Three GMs lead in SPICE Cup in Texas

by ChessBase
9/26/2009 – This Category 16 event, billed as the "highest rated international invitational tournament in U.S. history", is named after its founder, former Women's World Champion Susan Polgar. After six rounds GMs Kuzubov, Andreikin and Hammer lead, but Group B (Cat. 11) is also interesting, since 14-year-old IM Ray Robson is trying to pick up his final GM norm. Illustrated report.


The SPICE cup tournaments were created to set a new standard for invitational chess events in the US. They are among the strongest tournaments in this country; in fact, the A group for the current event is the strongest in US history. Participants are carefully selected by GM Susan Polgar – director of SPICE – to ensure that we have the highest quality of sportsmanship and lively, yet friendly, competition. The university also uses these tournaments to showcase itself and its many programs.

Dr. Hal Karlsson

Standings in the A Group

The category of this event is 16, with an average rating of 2631 (and an average age of 20!)

Standings in the B Group

The average rating here is 2501 = category 11. In order to gain a GM norm players have to score 5.76 points. So, if our calculations are right, Ray Robson needs to win both his final games to clinch the title. Very tough, but not impossible.

Picture Gallery

At fifteen years of age, Wesley So is not far removed from his attainment of the grandmaster title at the age of 14 years, 1 month and 28 days, which made him the seventh youngest player in history to earn it. Having already achieved the highest rating of any Filipino player in history, So's pace can only be appreciated in an international context, where he currently stands as the seventh-ranked junior player in the world, and the youngest player ever to break the 2600 barrier. It is little wonder his father seems so proud.

Grandmaster Wesley So, Philippines, 2644, member of the 2008 Filipino Olympiad team

Here we see GMs Jon Ludvig Hammer and Dmitry Andreykin shake hands at the start of their game. As the top seed in the A Group, with a rating of 2659, Andreykin has the privilege (and added pressure) of playing in the presence of the championship trophies. Of course, as reigning Russian Junior Champion, he is surely up to the task. Hammer is no slouch, however, ranking as the second-best player in his homeland Norway (no prize for guessing who is the strongest).

Fourth-seed and current American Junior Champion, IM Ray Robson, faces off against third-seeded GM Eugene Perelshteyn, the 2000 US Junior Champion, in a marquee match-up of the B Group. Despite significant successes of his own, Perelshteyn had yet to achieve the same accomplishments attributable to the younger player when he was Robson's age. That said, Perelshteyn won the 2007 edition of SPICE, leaving Robson the player with something to prove in this tournament.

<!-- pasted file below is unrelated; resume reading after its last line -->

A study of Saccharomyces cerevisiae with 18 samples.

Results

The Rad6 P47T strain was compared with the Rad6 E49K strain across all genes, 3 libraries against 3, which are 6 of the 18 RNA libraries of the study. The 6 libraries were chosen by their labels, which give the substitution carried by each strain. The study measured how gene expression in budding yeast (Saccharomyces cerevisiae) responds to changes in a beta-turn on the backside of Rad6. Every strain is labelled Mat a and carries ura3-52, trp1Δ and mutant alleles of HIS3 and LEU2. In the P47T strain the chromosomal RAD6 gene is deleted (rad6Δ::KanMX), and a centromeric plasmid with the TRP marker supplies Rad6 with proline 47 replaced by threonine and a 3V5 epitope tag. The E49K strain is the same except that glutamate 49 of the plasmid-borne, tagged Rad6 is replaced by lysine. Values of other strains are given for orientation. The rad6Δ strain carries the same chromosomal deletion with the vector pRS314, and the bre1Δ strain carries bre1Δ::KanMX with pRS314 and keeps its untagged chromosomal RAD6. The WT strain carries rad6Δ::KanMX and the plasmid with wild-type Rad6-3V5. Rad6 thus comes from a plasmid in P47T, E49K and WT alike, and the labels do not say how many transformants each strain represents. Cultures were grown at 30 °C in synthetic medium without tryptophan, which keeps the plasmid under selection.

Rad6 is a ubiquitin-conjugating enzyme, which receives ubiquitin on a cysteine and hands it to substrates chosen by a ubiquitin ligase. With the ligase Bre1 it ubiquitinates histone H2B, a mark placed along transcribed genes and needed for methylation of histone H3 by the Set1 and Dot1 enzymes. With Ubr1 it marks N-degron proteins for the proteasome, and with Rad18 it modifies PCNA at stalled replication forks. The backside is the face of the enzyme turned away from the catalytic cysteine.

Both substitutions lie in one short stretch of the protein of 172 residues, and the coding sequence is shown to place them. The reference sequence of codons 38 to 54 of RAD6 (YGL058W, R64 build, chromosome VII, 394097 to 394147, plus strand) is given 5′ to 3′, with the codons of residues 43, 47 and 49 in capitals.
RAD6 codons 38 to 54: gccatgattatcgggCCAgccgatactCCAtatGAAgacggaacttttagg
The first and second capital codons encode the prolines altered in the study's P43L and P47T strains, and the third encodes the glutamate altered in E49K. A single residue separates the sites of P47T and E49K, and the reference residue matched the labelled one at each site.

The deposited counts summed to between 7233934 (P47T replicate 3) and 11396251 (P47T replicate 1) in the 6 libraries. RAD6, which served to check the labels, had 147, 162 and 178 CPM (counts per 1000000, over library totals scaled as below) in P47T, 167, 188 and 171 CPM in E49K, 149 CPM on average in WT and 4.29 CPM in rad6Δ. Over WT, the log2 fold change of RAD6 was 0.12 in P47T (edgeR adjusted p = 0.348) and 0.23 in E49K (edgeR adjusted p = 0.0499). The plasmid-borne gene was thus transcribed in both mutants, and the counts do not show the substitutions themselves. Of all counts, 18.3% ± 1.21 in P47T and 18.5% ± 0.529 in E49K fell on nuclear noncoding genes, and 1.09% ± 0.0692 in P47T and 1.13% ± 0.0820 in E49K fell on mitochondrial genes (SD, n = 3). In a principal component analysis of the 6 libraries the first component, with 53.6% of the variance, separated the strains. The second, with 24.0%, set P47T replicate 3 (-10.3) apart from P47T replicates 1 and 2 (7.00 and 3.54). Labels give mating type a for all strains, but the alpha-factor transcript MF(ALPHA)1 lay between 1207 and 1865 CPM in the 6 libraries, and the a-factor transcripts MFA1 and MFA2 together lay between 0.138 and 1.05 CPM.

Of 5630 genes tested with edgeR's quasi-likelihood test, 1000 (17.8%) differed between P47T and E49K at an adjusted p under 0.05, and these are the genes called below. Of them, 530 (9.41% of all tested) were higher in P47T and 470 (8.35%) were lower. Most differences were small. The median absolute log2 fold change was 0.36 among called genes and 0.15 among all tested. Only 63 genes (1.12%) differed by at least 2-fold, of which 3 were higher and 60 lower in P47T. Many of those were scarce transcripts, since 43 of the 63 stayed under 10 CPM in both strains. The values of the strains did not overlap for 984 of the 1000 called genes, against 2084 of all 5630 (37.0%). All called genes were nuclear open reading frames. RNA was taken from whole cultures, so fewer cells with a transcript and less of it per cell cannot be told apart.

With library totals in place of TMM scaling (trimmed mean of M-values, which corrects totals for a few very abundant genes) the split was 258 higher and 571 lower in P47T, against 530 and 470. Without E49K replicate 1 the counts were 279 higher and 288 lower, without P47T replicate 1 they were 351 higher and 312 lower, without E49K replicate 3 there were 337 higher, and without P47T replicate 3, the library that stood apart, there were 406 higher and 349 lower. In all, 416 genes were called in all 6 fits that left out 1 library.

Top seed in the B Group, IM Gabor Papp, 2562, offered his opponent the opportunity to give peace a chance prior to the start of the round. The vivacious 22-year-old Hungarian is currently attending Texas Tech University, this year's tournament host.

As bottom seed in the B Group, with a rating of 2388, FM Danny Rensch prays for inspiration prior to commencing his game. Despite the odds against him, this 23-year-old has some reasonably impressive titles to his credit, including that of former National High School Champion of the United States.

Here, IM Ben Finegold, 2515, prepares for an important encounter...

... and springs the novelty on a 14-year-old IM Ray Robson

At forty years of age, Finegold is the oldest competitor in this tournament (by ten years!), but he refuses to let age hold back his play, or his sense of humour. As a two-time US Open and National Open Champion, he can hardly be said to be fighting above his weight class. He is also a two-time National Open Champion and former winner of the prestigious Samford fellowship). Ben has two GM norms.

IM Ray Robson, United States, 2527, is 14 years old, reigning U.S. Junior Champion and winner of the prestigious Samford fellowship, with two GM norms. Ray would be the youngest American GM in history if he can earn final GM norm here.

With the competitors of this tournament having an average age of approximately 23 years of age, who can blame these ladies for wanting to witness first-hand one of the most presitigious events on the American chess calendar?